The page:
Purdue University faculty and staff who developed the crop-saving bags that have improved food security for millions in Sub-Saharan Africa as well as the livelihoods of impoverished farm families are the 2016 recipients of the College of Agriculture's TEAM award.
TEAM, an acronym for Together Everyone Achieves More, is given annually to a Purdue team of professionals for their interdisciplinary achievements. This year's honorees are members of the research and development team of the Purdue Improved Crop Storage program known as PICS.
A ceremony to recognize the team will be held 2-4 p.m. May 9 in Pfendler Hall's Deans Auditorium on the Purdue's West Lafayette campus. The event is open to the public.
The hermetic triple bagging - a chemical-free storage method - enables farmers to store a variety of major crops for more than one year after harvest. The technology helps improve food availability and increase income of smallholder farmers.
Before PICS, impoverished farmers needed to sell their crops soon after harvest when prices are lowest or use insecticides, most of which became ineffective or might not have been safe because of improper use. When using PICS bags, farmers no longer need chemicals to control grain storage pests such as weevils, and they can store their crops for later in the year when prices are better for them.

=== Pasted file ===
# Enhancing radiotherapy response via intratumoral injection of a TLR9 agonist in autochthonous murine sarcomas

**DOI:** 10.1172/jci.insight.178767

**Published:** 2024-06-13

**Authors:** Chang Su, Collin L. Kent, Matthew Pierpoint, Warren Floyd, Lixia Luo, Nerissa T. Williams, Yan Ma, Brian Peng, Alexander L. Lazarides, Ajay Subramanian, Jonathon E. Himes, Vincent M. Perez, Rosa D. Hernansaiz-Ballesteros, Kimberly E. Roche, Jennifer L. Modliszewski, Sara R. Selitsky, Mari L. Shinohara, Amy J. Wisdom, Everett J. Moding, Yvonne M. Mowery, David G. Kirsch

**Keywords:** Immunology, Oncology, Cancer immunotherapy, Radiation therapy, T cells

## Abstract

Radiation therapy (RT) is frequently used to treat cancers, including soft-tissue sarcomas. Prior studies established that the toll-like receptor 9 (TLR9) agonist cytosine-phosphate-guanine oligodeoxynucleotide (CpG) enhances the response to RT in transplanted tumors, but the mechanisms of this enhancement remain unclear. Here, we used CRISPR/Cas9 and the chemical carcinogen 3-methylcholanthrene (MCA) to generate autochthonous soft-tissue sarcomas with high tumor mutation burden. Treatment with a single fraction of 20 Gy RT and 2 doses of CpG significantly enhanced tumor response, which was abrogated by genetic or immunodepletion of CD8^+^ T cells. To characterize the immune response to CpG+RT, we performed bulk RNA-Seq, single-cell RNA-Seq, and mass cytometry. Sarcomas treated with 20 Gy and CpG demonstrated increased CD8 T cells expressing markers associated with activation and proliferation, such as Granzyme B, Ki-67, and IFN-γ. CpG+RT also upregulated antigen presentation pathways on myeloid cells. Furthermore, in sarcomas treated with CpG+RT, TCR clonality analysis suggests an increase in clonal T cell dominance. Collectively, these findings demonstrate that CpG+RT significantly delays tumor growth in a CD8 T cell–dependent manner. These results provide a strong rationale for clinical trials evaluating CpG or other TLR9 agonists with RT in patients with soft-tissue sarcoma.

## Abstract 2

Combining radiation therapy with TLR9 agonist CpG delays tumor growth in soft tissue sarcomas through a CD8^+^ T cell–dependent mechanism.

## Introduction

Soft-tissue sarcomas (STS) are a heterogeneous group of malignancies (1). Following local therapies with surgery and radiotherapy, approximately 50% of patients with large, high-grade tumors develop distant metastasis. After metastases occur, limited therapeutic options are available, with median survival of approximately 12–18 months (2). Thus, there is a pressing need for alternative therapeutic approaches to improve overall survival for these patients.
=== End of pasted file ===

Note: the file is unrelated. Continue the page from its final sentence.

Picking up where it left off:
"The work of the PICS team is making a difference in the lives of millions of people in Africa by helping to increase farmer income as well as improve food security," said Jay Akridge, Glenn W. Sample Dean of Purdue Agriculture. "The passion and commitment they demonstrate for putting the PICS technology into the hands of those who can benefit is both exemplary and inspirational. They are eminently deserving of the TEAM Award."
PICS technology was developed in the late 1980s by Purdue faculty, students and staff and partners in northern Cameroon with funding from the U.S. Agency for International Development. Efforts under the initial PICS program, which began in 2007, focused on using the technology to store cowpea - known in the U.S. as black-eyed pea - in West and Central Africa.
Later, a second phase - PICS2 - involved research into how the bags could be used to store other crops. The Bill & Melinda Gates Foundation also funded the initial PICS and PICS2 projects.
PICS3, funded by the Gates Foundation, extends the program to commercialization involving multiple crops and to countries in Eastern Africa.
Team members, by department, are:
* Botany and Plant Pathology: Charles P. Woloshuk.
* Food Science: Lisa J. Mauer.
* Youth Development and Agricultural Education/Agricultural and Biological Engineering: Natalie J. Carroll.
The team will receive a commemorative plaque to be displayed in the Agricultural Administration Building and a $10,000 cash prize to continue its work.